Is Your Song Ready to be Recorded?
You’ve written a new song — great! It may seem that the next step is to record it while you’re on fire with the creative spirit, and the ideas are flowing. You want to capture that moment of creation, but before hitting the record button, step back and think for a minute, and think about what it is you want to record.
A large percentage of the songwriters I know use the recording studio as part of their songwriting process. They’ll start with a groove or a chord progression, and record and loop that progression in their workstation. The melody and lyrics of the song they’re about to write are inspired by what they’re hearing. For writers who work in this manner, recording is a necessity; it’s part of the creative process.
Other writer friends write songs by playing and recording whatever comes to mind (some use the resources of their own studios, others simply use the voice memo app on a smart phone). After a while, something they’ve played will catch their attention and they’ll go back to listen to what they’ve played — if they like it, they have the beginning of a new song. Recording is a necessity for writers like this as well.
Finally, there are the writers who have a piece of paper and a pencil, and who write their songs down as they create them. These songwriters can point to a page of lyrics as a finished song. But they should record the song when it’s finished (again, even if it’s on a smart phone) so that they won’t forget the chords, the melody, and the phrasing.
The above examples are pretty varied, yet all require that you capture audio. Discerning readers will note, however, that recording is used either as part of the creative process or as a way to document the new creation. Ask the same question as, “Is my new song ready to be recorded?” and you may get a different answer — and here’s why.
No, your new song is not ready to be recorded.
If you’ve just finished a song, the odds are great that you’ll end up changing it. You might speed it up, slow it down, change the melody, change the words, or all of the above.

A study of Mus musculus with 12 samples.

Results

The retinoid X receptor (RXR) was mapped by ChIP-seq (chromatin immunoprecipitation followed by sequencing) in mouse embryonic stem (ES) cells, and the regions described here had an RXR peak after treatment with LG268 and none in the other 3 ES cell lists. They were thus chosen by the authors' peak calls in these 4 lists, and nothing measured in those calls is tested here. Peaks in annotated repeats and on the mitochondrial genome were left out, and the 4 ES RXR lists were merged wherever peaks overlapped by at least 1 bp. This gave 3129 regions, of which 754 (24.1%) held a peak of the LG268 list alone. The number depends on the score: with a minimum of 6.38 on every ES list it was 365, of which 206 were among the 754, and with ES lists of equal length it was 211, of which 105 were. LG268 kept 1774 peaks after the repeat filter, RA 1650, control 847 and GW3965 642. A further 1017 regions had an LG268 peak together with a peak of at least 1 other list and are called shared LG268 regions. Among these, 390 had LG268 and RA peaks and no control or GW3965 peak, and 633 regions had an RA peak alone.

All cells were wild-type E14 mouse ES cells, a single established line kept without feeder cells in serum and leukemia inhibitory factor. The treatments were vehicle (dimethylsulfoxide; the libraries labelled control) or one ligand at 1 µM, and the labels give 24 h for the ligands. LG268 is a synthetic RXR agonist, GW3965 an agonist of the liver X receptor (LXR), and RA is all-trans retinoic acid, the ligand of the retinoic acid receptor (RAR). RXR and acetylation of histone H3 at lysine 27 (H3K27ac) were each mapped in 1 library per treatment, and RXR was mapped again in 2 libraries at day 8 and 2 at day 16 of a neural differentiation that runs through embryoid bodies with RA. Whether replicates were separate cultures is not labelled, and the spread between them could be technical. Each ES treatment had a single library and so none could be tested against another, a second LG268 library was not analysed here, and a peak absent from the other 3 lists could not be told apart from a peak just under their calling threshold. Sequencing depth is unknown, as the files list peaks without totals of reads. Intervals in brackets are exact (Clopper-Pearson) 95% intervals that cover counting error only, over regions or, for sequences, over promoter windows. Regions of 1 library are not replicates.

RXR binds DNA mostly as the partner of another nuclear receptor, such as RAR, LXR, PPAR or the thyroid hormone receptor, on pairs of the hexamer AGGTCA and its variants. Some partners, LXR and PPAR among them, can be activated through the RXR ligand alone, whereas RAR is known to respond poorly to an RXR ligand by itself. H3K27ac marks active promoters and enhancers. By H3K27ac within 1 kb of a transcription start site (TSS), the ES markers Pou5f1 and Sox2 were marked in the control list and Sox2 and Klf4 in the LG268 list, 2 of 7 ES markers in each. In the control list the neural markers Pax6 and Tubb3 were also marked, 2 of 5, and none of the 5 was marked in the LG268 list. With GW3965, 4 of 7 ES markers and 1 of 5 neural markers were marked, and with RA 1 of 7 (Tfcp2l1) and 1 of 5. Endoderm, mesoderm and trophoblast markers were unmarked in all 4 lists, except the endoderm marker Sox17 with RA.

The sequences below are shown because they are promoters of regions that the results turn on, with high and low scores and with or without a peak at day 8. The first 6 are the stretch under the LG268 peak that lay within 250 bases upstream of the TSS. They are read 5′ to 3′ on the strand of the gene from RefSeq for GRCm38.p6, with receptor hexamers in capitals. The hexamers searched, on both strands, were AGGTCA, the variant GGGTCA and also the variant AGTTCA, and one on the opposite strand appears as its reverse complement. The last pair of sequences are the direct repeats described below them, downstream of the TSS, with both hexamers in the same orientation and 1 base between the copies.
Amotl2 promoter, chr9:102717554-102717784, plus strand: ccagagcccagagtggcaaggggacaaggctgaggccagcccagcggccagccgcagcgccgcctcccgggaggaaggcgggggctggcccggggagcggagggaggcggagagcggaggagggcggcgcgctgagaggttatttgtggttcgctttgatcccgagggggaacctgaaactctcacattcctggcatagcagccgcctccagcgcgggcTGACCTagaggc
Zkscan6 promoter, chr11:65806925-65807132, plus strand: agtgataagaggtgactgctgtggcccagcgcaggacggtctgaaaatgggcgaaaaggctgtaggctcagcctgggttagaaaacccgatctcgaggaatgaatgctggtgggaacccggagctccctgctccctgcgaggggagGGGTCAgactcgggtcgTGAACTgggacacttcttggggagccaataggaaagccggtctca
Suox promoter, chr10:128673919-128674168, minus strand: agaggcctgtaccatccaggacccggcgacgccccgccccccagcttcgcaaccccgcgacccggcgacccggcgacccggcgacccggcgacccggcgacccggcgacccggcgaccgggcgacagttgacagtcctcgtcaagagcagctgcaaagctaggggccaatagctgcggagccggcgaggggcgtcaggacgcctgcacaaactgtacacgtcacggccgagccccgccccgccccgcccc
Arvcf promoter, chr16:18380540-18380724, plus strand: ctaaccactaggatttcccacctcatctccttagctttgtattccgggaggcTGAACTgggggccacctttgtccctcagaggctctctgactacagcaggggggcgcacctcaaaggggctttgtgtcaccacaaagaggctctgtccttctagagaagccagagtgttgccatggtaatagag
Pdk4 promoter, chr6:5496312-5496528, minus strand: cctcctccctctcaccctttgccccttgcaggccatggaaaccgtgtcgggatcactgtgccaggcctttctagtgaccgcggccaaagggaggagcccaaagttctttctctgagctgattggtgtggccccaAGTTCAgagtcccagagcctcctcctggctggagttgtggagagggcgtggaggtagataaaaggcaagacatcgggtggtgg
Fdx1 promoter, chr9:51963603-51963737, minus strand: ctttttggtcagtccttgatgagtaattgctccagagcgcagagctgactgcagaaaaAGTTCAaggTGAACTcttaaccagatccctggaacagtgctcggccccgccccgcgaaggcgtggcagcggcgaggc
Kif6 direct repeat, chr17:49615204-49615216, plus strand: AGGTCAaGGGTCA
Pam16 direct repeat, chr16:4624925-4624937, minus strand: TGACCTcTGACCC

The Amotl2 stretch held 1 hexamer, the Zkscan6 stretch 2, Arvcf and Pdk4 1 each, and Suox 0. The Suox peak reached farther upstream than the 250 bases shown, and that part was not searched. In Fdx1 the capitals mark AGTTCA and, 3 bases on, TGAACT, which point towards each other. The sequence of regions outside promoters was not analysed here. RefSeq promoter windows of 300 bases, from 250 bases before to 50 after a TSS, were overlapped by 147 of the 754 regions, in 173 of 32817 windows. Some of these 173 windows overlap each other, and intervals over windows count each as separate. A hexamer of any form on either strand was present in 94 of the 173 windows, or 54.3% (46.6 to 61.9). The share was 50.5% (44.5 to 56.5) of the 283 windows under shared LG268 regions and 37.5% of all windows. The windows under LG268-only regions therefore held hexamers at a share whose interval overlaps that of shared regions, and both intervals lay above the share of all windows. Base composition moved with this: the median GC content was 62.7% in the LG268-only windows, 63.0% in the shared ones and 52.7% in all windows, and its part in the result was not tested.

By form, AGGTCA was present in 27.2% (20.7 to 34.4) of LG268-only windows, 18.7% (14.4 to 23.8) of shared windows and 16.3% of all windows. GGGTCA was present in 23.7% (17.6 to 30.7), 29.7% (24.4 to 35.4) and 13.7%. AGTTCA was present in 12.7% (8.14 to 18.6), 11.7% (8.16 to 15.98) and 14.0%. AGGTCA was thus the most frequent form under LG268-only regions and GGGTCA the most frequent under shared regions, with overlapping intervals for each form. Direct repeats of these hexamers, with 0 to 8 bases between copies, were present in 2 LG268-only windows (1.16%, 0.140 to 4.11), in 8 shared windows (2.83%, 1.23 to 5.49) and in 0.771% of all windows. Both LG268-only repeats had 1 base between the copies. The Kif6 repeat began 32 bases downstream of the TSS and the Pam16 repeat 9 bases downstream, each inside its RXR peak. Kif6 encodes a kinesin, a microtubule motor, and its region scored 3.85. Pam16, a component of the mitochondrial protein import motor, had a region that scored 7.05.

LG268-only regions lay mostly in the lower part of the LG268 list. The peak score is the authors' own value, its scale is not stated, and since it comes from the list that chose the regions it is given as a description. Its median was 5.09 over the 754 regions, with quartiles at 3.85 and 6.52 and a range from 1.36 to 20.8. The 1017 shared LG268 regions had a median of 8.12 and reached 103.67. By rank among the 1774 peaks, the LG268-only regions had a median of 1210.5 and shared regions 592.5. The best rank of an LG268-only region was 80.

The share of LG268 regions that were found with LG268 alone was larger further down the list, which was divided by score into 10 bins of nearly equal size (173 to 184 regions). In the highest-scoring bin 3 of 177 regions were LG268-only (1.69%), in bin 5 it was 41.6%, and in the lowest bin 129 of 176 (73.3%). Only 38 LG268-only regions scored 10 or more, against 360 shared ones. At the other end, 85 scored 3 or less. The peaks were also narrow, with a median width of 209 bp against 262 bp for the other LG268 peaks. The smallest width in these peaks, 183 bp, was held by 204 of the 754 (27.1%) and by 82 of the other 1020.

Quite a few songs from the early to mid 20th Century were changed from the original versions to remove offensive lyrics, from Cole Porter’s “Let’s Do It, Let’s Fall In Love” to any number of blues songs. In the recent Bob Dylan documentary, “Rolling Thunder Review: A Bob Dylan Story”, Joni Mitchell is shown singing a new song, “Coyote.” But by the time she recorded it on her “Hejira” album, Joni had changed some of the lyrics. When you compare Derek and the Dominoes’ version of “Layla” with the acoustic version of “Layla” that Eric Clapton recorded many years later, the differences show that just because you’ve written a song, it doesn’t mean that you’re finished it.
Once you’re sure you’ve written a good song (that is, you describe it as “I just finished a new song,” rather than “I’m working on a new song”), try singing it for a while with a critical ear — see if you find that some of the words, some of the chord changes, or some of the notes in the melody could be improved. If so, then your song is ready to be recorded only after those improvements are made.
The new, improved version is the one that you want to be heard by the public, so make sure that the version you record is the best you can make it.